Filipinos are fascinated with entertainment even before colonization. From traditional public recitations of our epics to the contemporary forms of storytelling in kalye seryes, we always find ways to entertain ourselves. Perhaps, our fascination with entertainment has been reinforced throughout our history of suffering. We treat entertainment as a way to ‘escape’ our daily troubles. In effect, we anoint entertainers as ‘heroes’ who save us from our melancholic lives.
Electoral campaigns deploy celebrity endorsers to capture the attention of the voting public. This strategy plays around with both our fascination with entertainment and our adoration of entertainers. Celebrities are perceived as effective tools to draw and mobilize crowds into campaign rallies. Not to mention, the recent decades have also shown a substantial number of celebrities elected in various national and local positions. This indicates the currency of celebrities in Philippine electoral politics.
‘Smoke Screen’ Celebrities
Entertainers are trained to perform. They are expected to make us believe in something that is not there. Differently put, their job is to make us see substance in something hollow. They are able to make us fall in love when there is no love. A heartthrob (if he is a good actor) can convincingly say ‘I love you’ to his leading lady in a kalye serye even without actual feelings. He needs to tell the love narrative so he can entertain the audience.
This is not to say that entertainers are liars. Good performers can convincingly perform because the scenario becomes true to them. They use their real experiences to create make-believe moments relatable to the audience.
The ability to substantiate something hollow is what many politicians count on celebrities during elections. The ability of entertainers to say “Mapagmahal si Candidate X!” with conviction and charisma is what makes them marketable during elections. This same ability can act as the smoke screen veiling social issues from the voting public.
Most celebrities, when they endorse candidates, stress ‘good’ personal qualities of their personal bets. They use statements like “Mabait po siya”, “May puso sa mahihirap”, “Mapagmahal sa bayan”, and “May malasakit”. These statements seem to redirect the discussion from social issues to personal traits. The discourse becomes one of personal morality. It contributes to the creation of standards where candidates are assessed based on personal traits.
These statements or standards seem fair or benign in the surface. They become dangerous when they tend to highlight personal moral qualities and overlook other important qualities like competence, efficiency, experience, and track record in governance. The tendency is to provide absolute judgment based on one factor alone. The tendency also is to portray these personal moral standards as ideal standards since they came from the mouth of our ‘celebrity heroes’.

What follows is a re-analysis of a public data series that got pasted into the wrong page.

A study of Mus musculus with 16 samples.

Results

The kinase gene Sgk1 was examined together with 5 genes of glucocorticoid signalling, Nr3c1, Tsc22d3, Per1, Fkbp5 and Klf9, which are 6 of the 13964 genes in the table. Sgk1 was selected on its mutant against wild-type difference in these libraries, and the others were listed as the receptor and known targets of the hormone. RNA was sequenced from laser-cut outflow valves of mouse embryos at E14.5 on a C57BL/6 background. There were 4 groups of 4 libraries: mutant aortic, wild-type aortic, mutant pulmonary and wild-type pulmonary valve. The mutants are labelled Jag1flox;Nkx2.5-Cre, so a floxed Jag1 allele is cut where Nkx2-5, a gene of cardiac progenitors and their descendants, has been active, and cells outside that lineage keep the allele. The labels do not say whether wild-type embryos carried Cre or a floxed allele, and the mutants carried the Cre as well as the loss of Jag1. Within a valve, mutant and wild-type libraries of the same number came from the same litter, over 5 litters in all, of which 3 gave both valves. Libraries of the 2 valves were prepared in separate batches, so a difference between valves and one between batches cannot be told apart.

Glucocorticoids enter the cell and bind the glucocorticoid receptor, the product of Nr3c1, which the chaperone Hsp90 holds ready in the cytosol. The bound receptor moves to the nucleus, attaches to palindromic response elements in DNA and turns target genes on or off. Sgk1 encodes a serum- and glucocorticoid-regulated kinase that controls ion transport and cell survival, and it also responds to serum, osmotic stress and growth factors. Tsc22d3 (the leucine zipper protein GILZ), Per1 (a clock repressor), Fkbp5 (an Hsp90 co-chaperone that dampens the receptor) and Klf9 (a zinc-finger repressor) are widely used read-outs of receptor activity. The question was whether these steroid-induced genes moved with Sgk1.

Reconfiguring the Use of Celebrities
Entertainers’ abilities to tell stories using their personal truths provide the possibility to transform their role during elections. Without taking the right of celebrities to endorse, I think their role should include tackling social issues affecting them and their admirers. Instead of just highlighting personal qualities of the candidates, they can help deepen the discussion by providing a way for the voting public to reflect on their stories and figure out what issues they deem relevant to them.
In an interview by Rappler published online on August 10, 2015, Lea Salonga was asked with different issue-based questions about reproductive health, gay marriage, social network and the state of the arts. Without endorsing a particular candidate, Lea Salonga used her personal experiences as an artist to grapple with her support for reproductive health and marriage equality.
Salonga’s interview showcased self-reflection. By using her personal experiences with gays and lesbians, she was able to understand why she supports marriage equality. Instead of setting a standard of judging candidates, this self-reflection provided an example of how each of us can reflect on our experiences and figure out what issues are important to us. This will enrich our way of assessing candidates come May 2016.
John Andrew G. Evangelista gained his bachelor’s degree in Social Sciences from the University of the Philippines-Baguio in 2010. He is currently teaching in the University of the Philippines-Diliman under the Sociology Department where he is also taking up his master’s degree in Sociology. Mr. Evangelista is interested in gender and sexuality studies. He is particularly interested in the history of LGBT activism in the Philippines.